1958 175cc Wildcat Scrambler
The 175cc Wildcat Scrambler was first introduced to the USA by Cosmo in late 1957. It was a mix of two models. The frame is a modified Speedster (Lusso Veloce) and had a GS motor installed. The Wildcat also used the same 501-xxx serial number series as the GS. The few cycle magazines that tested the Wildcat stated that bike was "very flexible in the dirt" and the motor was "powerful throughout it's rev range". There does not seem to be much information as to whether the Wildcat was used in competition, except for dealer made flyer of Don Droud's accomplishments on a heavily modified version with a 250 engine. In 1959, Cosmo offered a 200cc upgrade of the of this model as the last version before the 250 Wildcat came out.
Wildcat frame & motor: To see the Wildcat's frame modifications compared to other high-cam frames, then click on to the frames page. To see high-cam motor comparisons, then go to the motor page.
Specifications: Capacity: 175cc / Output: 20HP @ 8800 RPM / Carburetion: Dell'Orto SS1 22.5 / Gas Tank: 1 3/4 Gallon / Gas Mileage: 90 MPG Weight: 228 lbs. / Max Speed: 90 MPH
Advertisements and factory photos for the 175 Wildcat are few and far between. Three factory pictures of the bike were used in almost all Wildcat ads. There was a three color, one page brochure for the European market, while Cosmo used magazines and a few flyers to advertise this model. Click the thumbnail to see the bigger picture.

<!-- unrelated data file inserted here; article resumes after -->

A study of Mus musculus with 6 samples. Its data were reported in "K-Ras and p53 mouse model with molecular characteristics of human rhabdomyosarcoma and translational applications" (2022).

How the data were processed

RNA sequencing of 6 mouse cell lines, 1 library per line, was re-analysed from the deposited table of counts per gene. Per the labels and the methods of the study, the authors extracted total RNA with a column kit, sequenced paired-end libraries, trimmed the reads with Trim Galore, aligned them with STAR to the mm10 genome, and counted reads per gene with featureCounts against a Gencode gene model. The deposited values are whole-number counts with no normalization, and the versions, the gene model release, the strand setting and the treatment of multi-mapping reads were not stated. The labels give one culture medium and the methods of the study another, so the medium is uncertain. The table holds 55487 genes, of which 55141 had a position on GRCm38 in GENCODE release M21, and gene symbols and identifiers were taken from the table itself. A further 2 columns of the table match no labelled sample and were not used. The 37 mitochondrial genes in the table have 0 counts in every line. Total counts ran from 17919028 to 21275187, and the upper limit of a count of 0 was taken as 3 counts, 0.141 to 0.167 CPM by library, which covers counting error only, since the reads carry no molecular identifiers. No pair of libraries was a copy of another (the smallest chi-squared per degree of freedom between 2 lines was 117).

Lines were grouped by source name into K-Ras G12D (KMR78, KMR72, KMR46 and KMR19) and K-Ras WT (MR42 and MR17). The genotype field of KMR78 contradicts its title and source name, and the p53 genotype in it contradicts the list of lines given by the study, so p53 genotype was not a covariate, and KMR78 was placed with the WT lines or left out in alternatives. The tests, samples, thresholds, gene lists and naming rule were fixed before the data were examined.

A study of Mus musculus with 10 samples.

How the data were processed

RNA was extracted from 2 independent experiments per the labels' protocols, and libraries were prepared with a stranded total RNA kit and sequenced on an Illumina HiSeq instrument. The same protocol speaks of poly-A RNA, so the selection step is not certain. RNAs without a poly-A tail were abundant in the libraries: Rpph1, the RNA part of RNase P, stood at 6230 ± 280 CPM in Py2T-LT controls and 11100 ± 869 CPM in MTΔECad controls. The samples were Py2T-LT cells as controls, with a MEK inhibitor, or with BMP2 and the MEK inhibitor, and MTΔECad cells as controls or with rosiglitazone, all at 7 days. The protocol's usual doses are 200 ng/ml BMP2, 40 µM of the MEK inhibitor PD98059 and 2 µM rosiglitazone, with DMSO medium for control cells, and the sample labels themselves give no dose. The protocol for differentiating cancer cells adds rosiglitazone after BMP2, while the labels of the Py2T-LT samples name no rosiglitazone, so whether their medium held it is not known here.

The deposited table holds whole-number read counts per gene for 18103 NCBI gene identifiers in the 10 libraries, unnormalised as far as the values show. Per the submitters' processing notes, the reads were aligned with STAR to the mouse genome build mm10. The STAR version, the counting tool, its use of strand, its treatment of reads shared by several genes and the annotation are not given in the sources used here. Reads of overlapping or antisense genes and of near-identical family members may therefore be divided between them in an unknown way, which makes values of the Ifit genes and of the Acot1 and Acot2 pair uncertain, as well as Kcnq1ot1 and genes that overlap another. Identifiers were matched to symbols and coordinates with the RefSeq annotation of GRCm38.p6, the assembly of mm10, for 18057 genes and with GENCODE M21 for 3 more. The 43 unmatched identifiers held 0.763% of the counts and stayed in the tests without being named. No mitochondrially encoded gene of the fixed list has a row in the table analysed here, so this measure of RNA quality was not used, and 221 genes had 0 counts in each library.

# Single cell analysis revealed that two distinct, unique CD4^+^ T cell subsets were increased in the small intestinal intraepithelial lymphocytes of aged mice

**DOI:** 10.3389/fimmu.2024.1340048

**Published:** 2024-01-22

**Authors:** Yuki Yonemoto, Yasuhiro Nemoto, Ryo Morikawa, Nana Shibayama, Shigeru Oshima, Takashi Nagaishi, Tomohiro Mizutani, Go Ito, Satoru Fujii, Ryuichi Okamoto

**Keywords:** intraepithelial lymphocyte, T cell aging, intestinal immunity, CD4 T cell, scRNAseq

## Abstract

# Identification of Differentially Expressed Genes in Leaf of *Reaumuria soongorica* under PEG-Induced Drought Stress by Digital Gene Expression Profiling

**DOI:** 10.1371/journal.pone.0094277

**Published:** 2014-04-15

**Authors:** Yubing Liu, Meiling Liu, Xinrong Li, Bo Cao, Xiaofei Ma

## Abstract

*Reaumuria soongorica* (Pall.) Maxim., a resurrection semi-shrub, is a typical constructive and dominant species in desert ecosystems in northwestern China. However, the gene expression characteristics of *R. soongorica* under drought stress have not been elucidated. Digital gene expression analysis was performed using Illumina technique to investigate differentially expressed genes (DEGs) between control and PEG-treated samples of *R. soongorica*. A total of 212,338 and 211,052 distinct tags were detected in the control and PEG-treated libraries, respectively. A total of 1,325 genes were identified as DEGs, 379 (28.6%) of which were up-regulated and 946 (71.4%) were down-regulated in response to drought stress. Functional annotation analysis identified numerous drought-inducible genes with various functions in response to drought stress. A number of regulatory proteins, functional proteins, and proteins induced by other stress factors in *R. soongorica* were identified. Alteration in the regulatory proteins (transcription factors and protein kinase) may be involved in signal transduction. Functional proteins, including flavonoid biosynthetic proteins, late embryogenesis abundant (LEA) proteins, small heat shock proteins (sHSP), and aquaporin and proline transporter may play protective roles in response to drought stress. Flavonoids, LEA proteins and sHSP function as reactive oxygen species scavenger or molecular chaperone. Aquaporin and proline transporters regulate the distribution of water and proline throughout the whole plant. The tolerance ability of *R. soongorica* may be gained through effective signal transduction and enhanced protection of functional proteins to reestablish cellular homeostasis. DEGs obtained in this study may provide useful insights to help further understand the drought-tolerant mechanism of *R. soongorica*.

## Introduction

Prices and colors: All models were sold with a gold frame, chrome fenders and a white and gold tank. Prices from a 1958 Cosmo order form states that the dealer costs for a Wildcat was $531.00 and the retail price was$699.00. The price was dropped to $599.00 in 1960 to make way for the 250 Wildcat.
Finding a 175 Wildcat will be difficult. Cosmo sold this model for about 3 years before moving onto the completely different 250 Wildcat. Most, if not all early Wildcats found in the states are either rusty projects with a lot of backyard modifications, or good condition projects that are missing all their sheetmetal and possibly their motors as well. Currently, there are about half a dozen Wildcat projects found with maybe one or two that run. A Parilla collector in Denver should have one restored and on the road shortly.